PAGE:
CONTACT: Dick Gunn

Hepatitis C: A Growing Concern Among Health Officials

Note to Editors: May is National Hepatitis Awareness Month

An estimated 4 million Americans have been infected with hepatitis C, five times the number of those infected with the human immunodeficiency virus (HIV). The Oklahoma State Department of Health estimates more than 50,000 Oklahomans have been infected with hepatitis C.

“Many Oklahomans are unaware of their infection because they do not feel ill,” said State Epidemiologist and Interim Director for Disease and Prevention Services, Michael Crutcher, M.D. “This is a major public health concern, if we are to detect the infection and limit hepatitis C transmission.”

The word “hepatitis” means inflammation of the liver. Although there are many causes of inflammation, viral infection is a common cause. Viral infections include hepatitis A, hepatitis B and hepatitis C.

Hepatitis A is transmitted by close personal contact or ingestion of food contaminated by a person infected with hepatitis A. Hepatitis B and hepatitis C are infections transmitted primarily through blood. The majority of people infected with hepatitis A and B recover from illness and are considered immune.

In contrast, up to 85 percent of those infected with hepatitis C cannot clear the infection and the virus continue to multiply within their body. These people are referred to as “chronically infected” with hepatitis C and are potentially contagious to others. Up to one-third of chronically infected persons will eventually develop liver disease such as cirrhosis or cancer of the liver.

Crutcher said the primary risk factors for hepatitis C include injecting-drug use and exposure to blood in the health-care setting. Sexual transmission may occur but the risk appears to be low. Blood transfusion-associated cases occurred prior to blood donor screening, but are now very rare.

Symptoms of all viral hepatitis are similar and include yellowing of the skin, fatigue, abdominal pain, loss of appetite, and bouts of nausea and vomiting. When initially infected with hepatitis C, only one of ten people will have symptoms. It can be years, even decades, before a person chronically infected with hepatitis C begins to experience symptoms serious enough to prompt seeking medical care.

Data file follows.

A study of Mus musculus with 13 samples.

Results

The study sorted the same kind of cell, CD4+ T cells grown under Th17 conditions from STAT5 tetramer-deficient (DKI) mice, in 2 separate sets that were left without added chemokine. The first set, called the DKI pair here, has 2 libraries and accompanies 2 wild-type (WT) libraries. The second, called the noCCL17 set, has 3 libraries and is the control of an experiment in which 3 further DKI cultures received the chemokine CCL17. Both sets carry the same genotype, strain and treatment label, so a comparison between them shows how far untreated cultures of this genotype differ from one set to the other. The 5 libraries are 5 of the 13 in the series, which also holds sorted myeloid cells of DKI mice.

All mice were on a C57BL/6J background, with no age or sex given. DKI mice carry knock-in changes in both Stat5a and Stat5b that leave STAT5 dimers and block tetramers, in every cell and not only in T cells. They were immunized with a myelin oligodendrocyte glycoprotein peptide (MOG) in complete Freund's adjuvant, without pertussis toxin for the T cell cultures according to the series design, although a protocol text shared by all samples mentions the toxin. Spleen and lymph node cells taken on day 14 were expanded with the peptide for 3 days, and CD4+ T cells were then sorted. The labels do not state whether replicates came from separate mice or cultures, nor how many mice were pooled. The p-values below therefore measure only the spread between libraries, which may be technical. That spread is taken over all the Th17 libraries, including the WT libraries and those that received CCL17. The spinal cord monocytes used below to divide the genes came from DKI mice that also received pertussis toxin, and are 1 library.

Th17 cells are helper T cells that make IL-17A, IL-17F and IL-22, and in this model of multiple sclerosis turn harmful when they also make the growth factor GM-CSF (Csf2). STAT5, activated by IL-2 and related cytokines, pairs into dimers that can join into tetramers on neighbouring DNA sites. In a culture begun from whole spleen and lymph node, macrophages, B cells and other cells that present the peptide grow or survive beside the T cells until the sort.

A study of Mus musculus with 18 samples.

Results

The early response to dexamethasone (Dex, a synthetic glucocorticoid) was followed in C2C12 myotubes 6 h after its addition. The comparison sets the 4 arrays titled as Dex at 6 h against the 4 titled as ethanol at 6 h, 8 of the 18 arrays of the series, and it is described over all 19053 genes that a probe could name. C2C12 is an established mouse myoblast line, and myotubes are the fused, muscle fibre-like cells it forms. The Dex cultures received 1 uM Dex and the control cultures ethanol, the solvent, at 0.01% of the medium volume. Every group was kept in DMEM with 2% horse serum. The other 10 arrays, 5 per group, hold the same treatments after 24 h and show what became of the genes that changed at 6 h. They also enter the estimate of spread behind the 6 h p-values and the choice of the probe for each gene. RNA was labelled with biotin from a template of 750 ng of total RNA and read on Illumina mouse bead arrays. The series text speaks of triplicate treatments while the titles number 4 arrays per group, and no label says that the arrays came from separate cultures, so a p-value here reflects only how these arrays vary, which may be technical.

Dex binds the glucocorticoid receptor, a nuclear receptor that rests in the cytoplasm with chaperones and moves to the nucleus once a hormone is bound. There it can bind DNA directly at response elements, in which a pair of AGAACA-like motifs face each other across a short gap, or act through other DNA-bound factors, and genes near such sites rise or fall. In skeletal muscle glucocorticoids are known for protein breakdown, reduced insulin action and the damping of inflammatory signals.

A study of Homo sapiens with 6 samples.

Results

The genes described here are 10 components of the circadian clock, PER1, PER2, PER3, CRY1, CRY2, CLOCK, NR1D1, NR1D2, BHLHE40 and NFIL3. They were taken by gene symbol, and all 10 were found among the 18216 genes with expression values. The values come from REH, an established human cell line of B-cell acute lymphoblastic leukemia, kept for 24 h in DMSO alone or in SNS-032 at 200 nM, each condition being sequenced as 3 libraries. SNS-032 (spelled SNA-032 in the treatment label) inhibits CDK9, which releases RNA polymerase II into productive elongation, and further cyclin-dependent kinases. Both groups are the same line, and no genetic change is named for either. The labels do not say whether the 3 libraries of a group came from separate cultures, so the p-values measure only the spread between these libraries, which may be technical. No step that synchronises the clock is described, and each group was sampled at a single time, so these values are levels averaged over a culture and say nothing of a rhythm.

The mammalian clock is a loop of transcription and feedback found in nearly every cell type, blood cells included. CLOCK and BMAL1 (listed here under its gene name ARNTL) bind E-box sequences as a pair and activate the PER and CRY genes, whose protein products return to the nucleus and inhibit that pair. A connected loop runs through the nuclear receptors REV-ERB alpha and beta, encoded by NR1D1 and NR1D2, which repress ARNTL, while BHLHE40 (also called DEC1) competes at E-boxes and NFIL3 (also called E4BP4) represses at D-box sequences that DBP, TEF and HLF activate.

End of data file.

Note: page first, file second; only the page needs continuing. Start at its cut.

Testing for hepatitis C is available through one's physician. A screening test may also be obtained at an Oklahoma Blood Institute site for $10. Persons for whom testing is recommended include those who received a blood transfusion or organ transplant prior to July 1992, those who received clotting factor concentrates prior to 1987, chronic hemodialysis patients, persons who ever injected illegal drugs (even if a few times many years ago), health care and public safety workers after exposure to hepatitis C-positive blood, and children born to hepatitis C-positive women.

There are two drugs licensed for the treatment of hepatitis C. They are effective for many, but not all, of those persons infected with hepatitis C. Support groups are available in Oklahoma City and Tulsa. Information regarding scheduled meetings can be obtained from the Internet at www.searchok.com/~hepcsupportokc. For more information on hepatitis C, contact the county health department in your area or visit the Oklahoma State Department of Health Web site at www.health.state.ok.us/program/cdd.